Volume 2014 (2014), Article ID 204360, 13 pages
Review Article

Efficacy of Massage Therapy on Pain and Dysfunction in Patients with Neck Pain: A Systematic Review and Meta-Analysis

1Nanjing University of Traditional Chinese Medicine, Nanjing, Jiangsu 210023, China
2Department of Spinal Surgery of the First People's Hospital of Hefei, 390 Huaihe Road, Hefei 230061, China

Received 28 October 2013; Accepted 28 December 2013; Published 20 February 2014

Academic Editor: Albert Moraska

Copyright © 2014 Yong Hong Cheng and Gui Cheng Huang. This is an open access article distributed under the Creative Commons Attribution License, which permits unrestricted use, distribution, and reproduction in any medium, provided the original work is properly cited.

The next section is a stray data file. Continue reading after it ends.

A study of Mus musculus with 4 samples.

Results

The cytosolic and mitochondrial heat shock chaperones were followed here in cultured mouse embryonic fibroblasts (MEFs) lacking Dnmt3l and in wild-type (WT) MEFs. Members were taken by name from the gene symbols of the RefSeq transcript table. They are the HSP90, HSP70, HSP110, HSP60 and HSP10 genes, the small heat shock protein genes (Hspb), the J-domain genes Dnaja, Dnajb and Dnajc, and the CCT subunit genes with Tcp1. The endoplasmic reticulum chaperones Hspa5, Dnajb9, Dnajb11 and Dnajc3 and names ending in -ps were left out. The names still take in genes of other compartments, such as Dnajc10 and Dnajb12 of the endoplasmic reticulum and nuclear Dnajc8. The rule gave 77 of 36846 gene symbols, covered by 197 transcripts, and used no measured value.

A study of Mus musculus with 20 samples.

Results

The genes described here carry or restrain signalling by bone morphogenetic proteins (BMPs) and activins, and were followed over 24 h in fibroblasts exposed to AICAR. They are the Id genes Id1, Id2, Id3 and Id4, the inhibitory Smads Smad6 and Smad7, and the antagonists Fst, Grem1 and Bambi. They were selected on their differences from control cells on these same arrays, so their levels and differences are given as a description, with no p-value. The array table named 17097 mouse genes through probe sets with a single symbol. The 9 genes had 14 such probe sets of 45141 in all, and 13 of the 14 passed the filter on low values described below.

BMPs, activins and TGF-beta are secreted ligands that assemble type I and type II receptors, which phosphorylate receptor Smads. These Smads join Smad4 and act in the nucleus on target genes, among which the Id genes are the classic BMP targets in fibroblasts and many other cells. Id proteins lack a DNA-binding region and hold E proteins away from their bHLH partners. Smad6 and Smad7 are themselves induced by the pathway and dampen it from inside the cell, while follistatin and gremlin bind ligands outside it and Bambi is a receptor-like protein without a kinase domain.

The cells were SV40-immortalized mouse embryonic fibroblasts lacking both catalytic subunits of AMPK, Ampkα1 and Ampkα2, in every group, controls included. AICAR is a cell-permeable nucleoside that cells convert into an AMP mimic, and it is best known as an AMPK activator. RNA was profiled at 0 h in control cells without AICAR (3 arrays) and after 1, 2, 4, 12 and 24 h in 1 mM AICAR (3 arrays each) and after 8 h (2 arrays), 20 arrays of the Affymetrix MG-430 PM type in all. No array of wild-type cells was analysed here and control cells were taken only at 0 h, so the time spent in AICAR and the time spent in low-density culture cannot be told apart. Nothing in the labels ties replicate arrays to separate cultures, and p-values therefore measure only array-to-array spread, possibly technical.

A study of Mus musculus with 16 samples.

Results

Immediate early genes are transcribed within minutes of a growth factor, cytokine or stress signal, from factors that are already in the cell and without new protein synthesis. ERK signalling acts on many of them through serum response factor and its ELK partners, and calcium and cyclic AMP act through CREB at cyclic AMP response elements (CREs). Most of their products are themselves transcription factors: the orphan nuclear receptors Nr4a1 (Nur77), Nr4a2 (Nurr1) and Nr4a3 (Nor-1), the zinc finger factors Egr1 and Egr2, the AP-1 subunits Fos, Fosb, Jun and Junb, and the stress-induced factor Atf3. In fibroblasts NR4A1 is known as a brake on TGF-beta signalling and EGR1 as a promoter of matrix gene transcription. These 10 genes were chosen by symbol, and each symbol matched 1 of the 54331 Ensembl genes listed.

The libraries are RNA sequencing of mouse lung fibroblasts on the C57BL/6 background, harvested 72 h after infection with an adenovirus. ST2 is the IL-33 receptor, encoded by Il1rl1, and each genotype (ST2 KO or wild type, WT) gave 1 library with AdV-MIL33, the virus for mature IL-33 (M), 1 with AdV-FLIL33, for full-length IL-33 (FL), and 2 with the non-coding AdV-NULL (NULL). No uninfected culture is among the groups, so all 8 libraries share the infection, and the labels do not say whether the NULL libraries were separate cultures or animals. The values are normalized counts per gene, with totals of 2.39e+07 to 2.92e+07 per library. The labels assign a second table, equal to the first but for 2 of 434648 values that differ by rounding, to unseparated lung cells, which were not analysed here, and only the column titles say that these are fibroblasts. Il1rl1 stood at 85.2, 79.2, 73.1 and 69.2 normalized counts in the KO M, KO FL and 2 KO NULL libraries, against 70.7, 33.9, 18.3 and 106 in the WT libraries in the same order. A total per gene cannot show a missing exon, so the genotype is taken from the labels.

Objective. To systematically evaluate the evidence of whether massage therapy (MT) is effective for neck pain. Methods. Randomized controlled trials (RCTs) were identified through searches of 5 English and Chinese databases (to December 2012). The search terms included neck pain, neck disorders, cervical vertebrae, massage, manual therapy, Tuina, and random. In addition, we performed hand searches at the library of Nanjing University of Traditional Chinese Medicine. Two reviewers independently abstracted data and assessed the methodological quality of RCTs by PEDro scale. And the meta-analyses of improvements on pain and neck-related function were conducted. Results. Fifteen RCTs met inclusion criteria. The meta-analysis showed that MT experienced better immediate effects on pain relief compared with inactive therapies (; standardised mean difference (SMD), 1.30; 95% confidence interval (CI), 0.09 to 2.50; ) and traditional Chinese medicine (; SMD, 0.73; 95% CI 0.13 to 1.33; ). There was no valid evidence of MT on improving dysfunction. With regard to follow-up effects, there was not enough evidence of MT for neck pain. Conclusions. This systematic review found moderate evidence of MT on improving pain in patients with neck pain compared with inactive therapies and limited evidence compared with traditional Chinese medicine. There were no valid lines of evidence of MT on improving dysfunction. High quality RCTs are urgently needed to confirm these results and continue to compare MT with other active therapies for neck pain.